A couple of weeks ago it was reported that the Mariners were considering forgoing naming a permanent replacement for the late Dave Niehaus in favor of using a revolving cast of part-time broadcasters to fill the void. Today they announced that they’ll do exactly that:
Randy Adamack, the Mariners’ vice president of communications, confirmed Wednesday that the club will employ at least five announcers with prior experience in the booth on a rotating basis to work primarily with Rick Rizzs on radio broadcasts for the upcoming season.
Rizzs, who worked alongside Niehaus for 25 years, will be the main play-by-play man on radio. His partners will be Ron Fairly, Ken Levine, Ken Wilson, Dave Valle and Dan Wilson, with more names possibly being added to that list, Adamack said.
This is the right move. Like I said before, whoever comes in, no matter how good a job they do, is going to be judged harshly compared to Niehaus. Anyone would. The bond between fans and a good everyday broadcaster is stronger than some might think. Give everyone some time.
The Padres fired manager Andy Green on Saturday, per an official team release. Bench coach Rod Barajas will step into the position for the remaining eight games of the 2019 season.
Executive Vice President and GM A.J. Preller gave a statement in the wake of Green’s dismissal:
I want to thank Andy for his tireless work and dedication to the Padres over the last four seasons. This was an incredibly difficult decision, but one we felt was necessary at this time to take our organization to the next level and expedite the process of bringing a championship to San Diego. Our search for a new manager will begin immediately.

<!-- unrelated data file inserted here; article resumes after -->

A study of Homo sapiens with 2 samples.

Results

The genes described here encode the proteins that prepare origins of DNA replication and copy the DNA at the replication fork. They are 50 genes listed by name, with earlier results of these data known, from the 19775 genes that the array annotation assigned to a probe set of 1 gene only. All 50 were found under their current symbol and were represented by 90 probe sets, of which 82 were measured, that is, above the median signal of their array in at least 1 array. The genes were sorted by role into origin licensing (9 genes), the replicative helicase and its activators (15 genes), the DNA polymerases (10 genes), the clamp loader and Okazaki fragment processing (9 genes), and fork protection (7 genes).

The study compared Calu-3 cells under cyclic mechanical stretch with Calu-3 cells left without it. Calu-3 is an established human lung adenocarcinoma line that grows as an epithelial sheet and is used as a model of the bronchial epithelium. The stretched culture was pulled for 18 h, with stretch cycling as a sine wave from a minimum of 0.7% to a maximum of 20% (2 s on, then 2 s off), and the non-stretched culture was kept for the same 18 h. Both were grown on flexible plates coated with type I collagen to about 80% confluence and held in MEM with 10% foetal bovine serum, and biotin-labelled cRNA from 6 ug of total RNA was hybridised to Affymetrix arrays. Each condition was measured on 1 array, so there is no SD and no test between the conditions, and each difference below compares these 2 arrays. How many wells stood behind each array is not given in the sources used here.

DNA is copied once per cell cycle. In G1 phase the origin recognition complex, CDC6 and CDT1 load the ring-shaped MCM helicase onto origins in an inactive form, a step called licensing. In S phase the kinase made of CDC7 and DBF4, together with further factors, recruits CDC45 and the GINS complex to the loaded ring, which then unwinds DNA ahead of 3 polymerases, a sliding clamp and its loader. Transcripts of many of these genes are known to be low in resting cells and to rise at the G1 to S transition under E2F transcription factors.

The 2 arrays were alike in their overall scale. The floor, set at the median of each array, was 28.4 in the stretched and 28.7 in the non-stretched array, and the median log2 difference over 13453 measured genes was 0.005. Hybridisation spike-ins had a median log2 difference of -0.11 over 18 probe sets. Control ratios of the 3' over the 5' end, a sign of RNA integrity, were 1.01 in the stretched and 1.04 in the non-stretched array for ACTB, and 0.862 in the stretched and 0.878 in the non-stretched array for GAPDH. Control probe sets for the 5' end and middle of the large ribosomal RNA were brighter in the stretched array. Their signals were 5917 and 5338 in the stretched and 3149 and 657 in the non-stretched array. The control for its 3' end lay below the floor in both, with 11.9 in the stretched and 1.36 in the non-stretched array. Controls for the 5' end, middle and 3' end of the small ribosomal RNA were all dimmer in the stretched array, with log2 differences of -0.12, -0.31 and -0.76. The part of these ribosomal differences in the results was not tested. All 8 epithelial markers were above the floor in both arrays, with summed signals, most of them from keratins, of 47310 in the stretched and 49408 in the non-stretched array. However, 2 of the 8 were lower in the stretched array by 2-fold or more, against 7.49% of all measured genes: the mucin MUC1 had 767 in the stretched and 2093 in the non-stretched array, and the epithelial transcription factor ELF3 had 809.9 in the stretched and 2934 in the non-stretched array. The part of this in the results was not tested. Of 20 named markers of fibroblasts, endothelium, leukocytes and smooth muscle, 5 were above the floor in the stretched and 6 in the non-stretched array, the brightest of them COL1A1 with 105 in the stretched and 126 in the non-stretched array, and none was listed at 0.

In additional comments made to reporters, Preller added that the decision had not been made based on the Padres’ current win-loss record (a fourth-place 69-85 in the NL West), but rather on the lack of response coming from the team.
“Looking at the performance, looking at it from an improvement standing, we haven’t seen the team respond in the last few months,” Preller said. “When you get to the point where you’re questioning where things are headed … we have to make that call.”
Since his hiring in October 2015, Green has faced considerable challenges on the Padres’ long and winding path to postseason contention. He shepherded San Diego through four consecutive losing seasons, drawing a career 274-366 record as the club extended their streak to 13 seasons without a playoff appearance. And, despite some definite strides in the right direction — including an eight-year, $144 million pact with Eric Hosmer, a 10-year, $300 million pact with superstar Manny Machado, and the development of top prospect Fernando Tatís Jr. — lingering injuries and inexplicable slumps from key players stalled the rebuild longer than the Padres would have liked.
For now, they’ll prepare to roll the dice with a new skipper in 2020, though any potential candidates have yet to be identified for the role. It won’t come cheap, either, as Green inked a four-year extension back in 2017 — one that should have seen him through the team’s 2021 campaign.